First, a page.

The action comes in response to the SB4 “show me your papers” law, as well as last week’s letter calling for the repeal of the Deferred Action for Childhood Arrivals (DACA) Program.
Dozens of immigrant activists and supporters disrupted the Austin Independence Day Parade to highlight that the state of Texas depends on immigrants. This July 4th, while many families are celebrating with fireworks and barbeques, many immigrant families will be staying home due to the racist and anti-immigrant policies that have created widespread fear in our communities.
The SB4 “show me your papers” law will turn local police into federal immigration enforcement. Once the law goes into effect on September 1st, we can expect an increase in racial profiling, deportations, and the separation of families. Immigrant communities in Texas know what it means to live in fear of driving without a license, interacting with law enforcement or encountering border patrol. SB4 is the final straw. The Cosecha Movement is launching a campaign to resist SB4 through economic noncooperation and draw national attention to the attacks immigrant communities in Texas are facing.
“Texas is my home and while some might want us to leave this state, or stay locked in our homes because we are too afraid to leave the house, I am going to stay and fight back,” said Berzabeth Valdez, a spokesperson for Movimiento Cosecha. “We work in Texas’ factories and stores, in its fields and restaurants; our hands provide food to its tables, build its homes, and sustain this state’s economy. I am going to fight for my home, and for this state to recognize that immigrants deserve dignity and respect.”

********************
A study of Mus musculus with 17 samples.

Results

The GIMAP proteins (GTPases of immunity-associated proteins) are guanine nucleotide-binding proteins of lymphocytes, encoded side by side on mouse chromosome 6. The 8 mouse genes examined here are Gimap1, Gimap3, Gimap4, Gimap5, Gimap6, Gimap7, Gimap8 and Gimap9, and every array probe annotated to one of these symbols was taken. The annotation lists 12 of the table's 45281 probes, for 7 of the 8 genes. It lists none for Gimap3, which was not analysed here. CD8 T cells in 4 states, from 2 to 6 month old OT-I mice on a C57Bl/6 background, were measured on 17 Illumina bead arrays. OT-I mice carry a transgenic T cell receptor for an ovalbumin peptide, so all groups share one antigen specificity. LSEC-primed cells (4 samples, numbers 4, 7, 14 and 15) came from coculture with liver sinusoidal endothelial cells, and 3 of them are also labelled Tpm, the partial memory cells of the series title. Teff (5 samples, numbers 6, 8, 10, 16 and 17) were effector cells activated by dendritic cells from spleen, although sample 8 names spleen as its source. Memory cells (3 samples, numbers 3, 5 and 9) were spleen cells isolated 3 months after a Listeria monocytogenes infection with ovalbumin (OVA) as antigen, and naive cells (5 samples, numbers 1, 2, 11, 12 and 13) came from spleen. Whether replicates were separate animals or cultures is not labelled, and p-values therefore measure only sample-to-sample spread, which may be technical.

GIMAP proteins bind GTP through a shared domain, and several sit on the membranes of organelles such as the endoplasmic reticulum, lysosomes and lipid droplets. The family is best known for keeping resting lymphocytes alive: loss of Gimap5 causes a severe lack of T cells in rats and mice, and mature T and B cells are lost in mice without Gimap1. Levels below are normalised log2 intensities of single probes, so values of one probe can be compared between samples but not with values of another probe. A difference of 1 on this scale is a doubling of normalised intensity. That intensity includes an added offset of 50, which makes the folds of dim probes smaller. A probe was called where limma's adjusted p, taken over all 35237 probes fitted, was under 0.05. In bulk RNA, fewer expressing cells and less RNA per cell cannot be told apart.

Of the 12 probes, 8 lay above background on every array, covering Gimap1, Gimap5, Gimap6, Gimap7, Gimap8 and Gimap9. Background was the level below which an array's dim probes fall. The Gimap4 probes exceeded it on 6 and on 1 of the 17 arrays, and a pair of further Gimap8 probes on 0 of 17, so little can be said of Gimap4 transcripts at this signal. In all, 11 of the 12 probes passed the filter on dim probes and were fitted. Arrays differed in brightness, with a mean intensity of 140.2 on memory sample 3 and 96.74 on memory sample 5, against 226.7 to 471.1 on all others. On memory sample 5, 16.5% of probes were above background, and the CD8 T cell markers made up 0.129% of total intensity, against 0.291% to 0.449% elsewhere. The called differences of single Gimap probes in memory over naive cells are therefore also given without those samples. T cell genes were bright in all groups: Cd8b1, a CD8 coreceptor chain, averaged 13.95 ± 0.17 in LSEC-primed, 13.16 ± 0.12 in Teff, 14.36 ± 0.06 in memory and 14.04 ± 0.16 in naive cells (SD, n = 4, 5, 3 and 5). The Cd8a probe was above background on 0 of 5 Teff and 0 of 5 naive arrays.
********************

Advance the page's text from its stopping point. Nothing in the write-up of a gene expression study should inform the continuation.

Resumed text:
The Parade is sponsored by H-E-B, a Texas supermarket chain with a large immigrant consumer base. Organizers plan to launch a boycott of H-E-B during the month of August to demonstrate that the state of Texas depends on immigrants.
“Six years ago, when Texas lawmakers considered a similar anti-immigrant bill, H-E-B lobbied against the legislation. However, this time around H-E-B was silent on the SB4 “show me your papers” law. Why the change? The earlier version of the bill included penalties for companies that hire undocumented workers, while SB4 only targets immigrant workers and families. H-E-B executives only care about immigrants when it affects their bottom line; they only want us for our labor and consumption,” explains Maria Fernanda Cabello, a spokesperson with Movimiento Cosecha.